Flying taxis may not be the stuff of pipe dreams but rather part of our new reality pretty soon. What is being developed in this space and what are the implications?
What’s in Development?
Beijing-based unmanned aerial vehicle (UAV) manufacturer, EHang has diversified into this space. Earlier this month it unveiled its pilot-less flying taxi – having entered into a partnership with Austrian aerospace company, FACC on the project.
In January, Boeing completed its first initial test of its autonomous air taxi. The test was comprised of a vertical lift, a one-minute hover, and landing whilst testing on-board autonomous systems all the while. Clearly, this is very much a first step with a long process to follow. Boeing Chief Technology Officer Greg Hyslop spoke to that:
“In one year, we have progressed from a conceptual design to a flying prototype”
The company claims that future tests will involve forward, wing-borne flight, together with the transition from vertical to forward flight mode. The vehicle currently has a range of 50 miles which makes it feasible for short city journeys. With most flying taxi projects, it’s this type of use case that is being envisaged as a starting point.
Texas-based Bell is partnering with Uber in bringing their flying taxi offering to market. Bell CEO, Mitch Snyder sets out the company’s vision in this respect:
“As space at the ground level becomes limited, we must solve transportation challenges in the vertical dimension – and that’s where Bell’s on-demand mobility vision takes hold.”
The company expects to see its Bell Nexus in commercial operation by the mid-2020’s. Using six tilting fans to take off and land, the Nexus will seat five passengers whilst differentiating itself from competitors by being hybrid-electric.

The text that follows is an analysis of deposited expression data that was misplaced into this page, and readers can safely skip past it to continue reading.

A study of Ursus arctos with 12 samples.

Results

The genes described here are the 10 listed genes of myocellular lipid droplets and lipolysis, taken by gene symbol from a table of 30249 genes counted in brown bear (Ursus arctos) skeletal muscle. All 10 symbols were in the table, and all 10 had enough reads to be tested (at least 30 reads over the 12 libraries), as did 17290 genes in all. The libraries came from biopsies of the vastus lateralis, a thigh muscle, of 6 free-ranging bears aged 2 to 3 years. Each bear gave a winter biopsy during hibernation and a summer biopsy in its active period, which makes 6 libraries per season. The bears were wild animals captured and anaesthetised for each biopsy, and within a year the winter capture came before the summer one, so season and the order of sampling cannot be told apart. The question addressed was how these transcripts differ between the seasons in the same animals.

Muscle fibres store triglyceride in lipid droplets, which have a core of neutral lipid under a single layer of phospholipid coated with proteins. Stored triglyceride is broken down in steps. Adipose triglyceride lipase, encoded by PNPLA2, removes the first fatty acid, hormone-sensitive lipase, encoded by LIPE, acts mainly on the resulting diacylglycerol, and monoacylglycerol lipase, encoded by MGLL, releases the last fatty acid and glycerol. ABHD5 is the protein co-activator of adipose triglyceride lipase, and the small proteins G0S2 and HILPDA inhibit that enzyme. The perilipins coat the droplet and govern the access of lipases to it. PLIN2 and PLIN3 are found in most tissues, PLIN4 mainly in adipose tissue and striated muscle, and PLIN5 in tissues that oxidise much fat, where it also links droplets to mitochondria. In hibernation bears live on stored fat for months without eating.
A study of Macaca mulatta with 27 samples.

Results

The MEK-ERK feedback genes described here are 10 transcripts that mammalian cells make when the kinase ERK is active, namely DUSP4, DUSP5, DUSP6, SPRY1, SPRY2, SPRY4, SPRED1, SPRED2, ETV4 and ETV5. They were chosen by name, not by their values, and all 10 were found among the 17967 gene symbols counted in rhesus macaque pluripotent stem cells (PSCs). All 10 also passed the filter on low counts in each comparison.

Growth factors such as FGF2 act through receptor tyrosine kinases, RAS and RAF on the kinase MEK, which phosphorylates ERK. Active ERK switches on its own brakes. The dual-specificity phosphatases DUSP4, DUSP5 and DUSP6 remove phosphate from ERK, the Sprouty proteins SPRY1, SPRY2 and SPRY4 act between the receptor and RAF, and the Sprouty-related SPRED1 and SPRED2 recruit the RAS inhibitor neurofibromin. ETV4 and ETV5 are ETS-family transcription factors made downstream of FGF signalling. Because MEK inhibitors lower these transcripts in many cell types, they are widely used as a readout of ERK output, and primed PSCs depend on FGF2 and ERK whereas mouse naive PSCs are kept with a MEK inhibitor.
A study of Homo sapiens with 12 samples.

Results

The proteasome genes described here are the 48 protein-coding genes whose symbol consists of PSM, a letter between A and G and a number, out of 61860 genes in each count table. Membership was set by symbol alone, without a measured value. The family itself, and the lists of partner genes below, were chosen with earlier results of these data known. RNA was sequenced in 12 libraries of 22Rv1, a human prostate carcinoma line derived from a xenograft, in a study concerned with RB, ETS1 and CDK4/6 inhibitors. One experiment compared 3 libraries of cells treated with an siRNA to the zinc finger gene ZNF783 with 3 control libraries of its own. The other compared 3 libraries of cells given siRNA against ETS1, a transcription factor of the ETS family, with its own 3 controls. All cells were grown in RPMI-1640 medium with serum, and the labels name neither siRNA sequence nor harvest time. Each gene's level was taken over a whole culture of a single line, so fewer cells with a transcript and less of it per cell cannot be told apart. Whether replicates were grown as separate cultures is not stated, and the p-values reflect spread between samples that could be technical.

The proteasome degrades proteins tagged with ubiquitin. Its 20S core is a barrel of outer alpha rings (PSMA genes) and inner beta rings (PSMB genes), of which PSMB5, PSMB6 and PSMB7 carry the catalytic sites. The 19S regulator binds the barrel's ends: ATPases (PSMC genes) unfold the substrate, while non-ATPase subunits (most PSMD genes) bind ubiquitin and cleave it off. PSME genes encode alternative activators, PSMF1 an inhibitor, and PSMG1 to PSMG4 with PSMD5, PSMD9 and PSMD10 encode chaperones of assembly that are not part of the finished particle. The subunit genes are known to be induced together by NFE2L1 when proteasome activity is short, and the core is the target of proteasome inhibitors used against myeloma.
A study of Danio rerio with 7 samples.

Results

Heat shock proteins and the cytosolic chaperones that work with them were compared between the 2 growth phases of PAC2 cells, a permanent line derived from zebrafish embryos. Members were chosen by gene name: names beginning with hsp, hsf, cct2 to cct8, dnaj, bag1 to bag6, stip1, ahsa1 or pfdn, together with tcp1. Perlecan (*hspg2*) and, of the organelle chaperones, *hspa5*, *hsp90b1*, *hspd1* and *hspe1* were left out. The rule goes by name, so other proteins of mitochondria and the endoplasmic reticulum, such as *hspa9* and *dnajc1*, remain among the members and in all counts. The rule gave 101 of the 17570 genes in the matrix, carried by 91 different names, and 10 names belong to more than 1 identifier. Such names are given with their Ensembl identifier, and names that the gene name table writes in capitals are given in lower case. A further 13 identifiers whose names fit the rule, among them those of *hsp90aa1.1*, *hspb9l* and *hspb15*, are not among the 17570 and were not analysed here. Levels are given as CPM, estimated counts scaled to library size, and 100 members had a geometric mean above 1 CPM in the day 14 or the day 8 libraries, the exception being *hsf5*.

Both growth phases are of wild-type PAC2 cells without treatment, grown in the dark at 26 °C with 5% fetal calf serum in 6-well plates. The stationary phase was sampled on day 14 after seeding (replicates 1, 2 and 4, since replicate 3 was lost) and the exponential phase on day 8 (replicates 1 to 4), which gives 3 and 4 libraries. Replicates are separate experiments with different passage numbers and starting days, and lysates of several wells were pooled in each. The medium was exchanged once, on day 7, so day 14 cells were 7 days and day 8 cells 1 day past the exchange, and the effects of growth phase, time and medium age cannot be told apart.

Airbus and Daimler are also in the running with their respective projects – Cityairbus and Volocopter.
Air Taxi’s and Regulation
If we are gearing up for a scenario where there will be three million air taxis operating globally, regulation is going to be an important cornerstone to the development of this industry. To compound matters, it appears that delivery drones are likely to fill our skies earlier than that. To cater for this type of aerial traffic, regulation is key.
Read More: When will driverless deliveries become the norm?
The European Aviation Safety Agency (EASA) has already been active in drafting a regulatory framework for the use of civil unmanned drones. An air taxi trial – which will be opened to members of the public – is scheduled to take place in Singapore later this year. That development involves the collaboration of Volocopter and the Civil Aviation Authority of Singapore (CAAS).
Much more work will be necessary on the regulatory front worldwide to pave the way for the timely introduction of this technology.
Significance in Terms of Pollution and Congestion
Flying taxis are more polluting than cars according to a study undertaken by a team at the University of Michigan. The researchers argue that whilst new transport solutions are needed, flying taxis are only less harmful on long distances.
However, there seems to be an assumption in their research that electric power is and will always be derived from fossil fuels. Despite this, the U.S. Energy Information Administration (EIA) issued a short term forecast in January in which it claims that renewable energy production will grow 10% and 17% in 2019 and 2020 in the U.S.
Read More: Carbon emissions: ‘corporates, citizens need to demand better regulatory framework’
Additionally, even if the team – based in Detroit, the home of GM, Chrysler and Ford – believe that the electricity that would power flying taxis would continue to come from fossil fuels, there is still upside in that they’re not billowing plumes of poisonous pollutants into air that city residents would breathe.
What the roll out of the technology may mean in terms of the reduction of traffic congestion remains to be seen. Naturally, if it becomes truly mass market, it’s impact will be significant.
However, as is oftentimes the case with new technology, it is likely to be positioned in a premium market segment to begin with – out of the reach of the majority.
It’s only with a more significant roll out that it will effect a profound change in terms of city life. That may take a few years more but it certainly seems to be a serious prospect in the short to medium term.
Flying carpets may be the stuff of fantasy. Flying taxis, it seems, are not.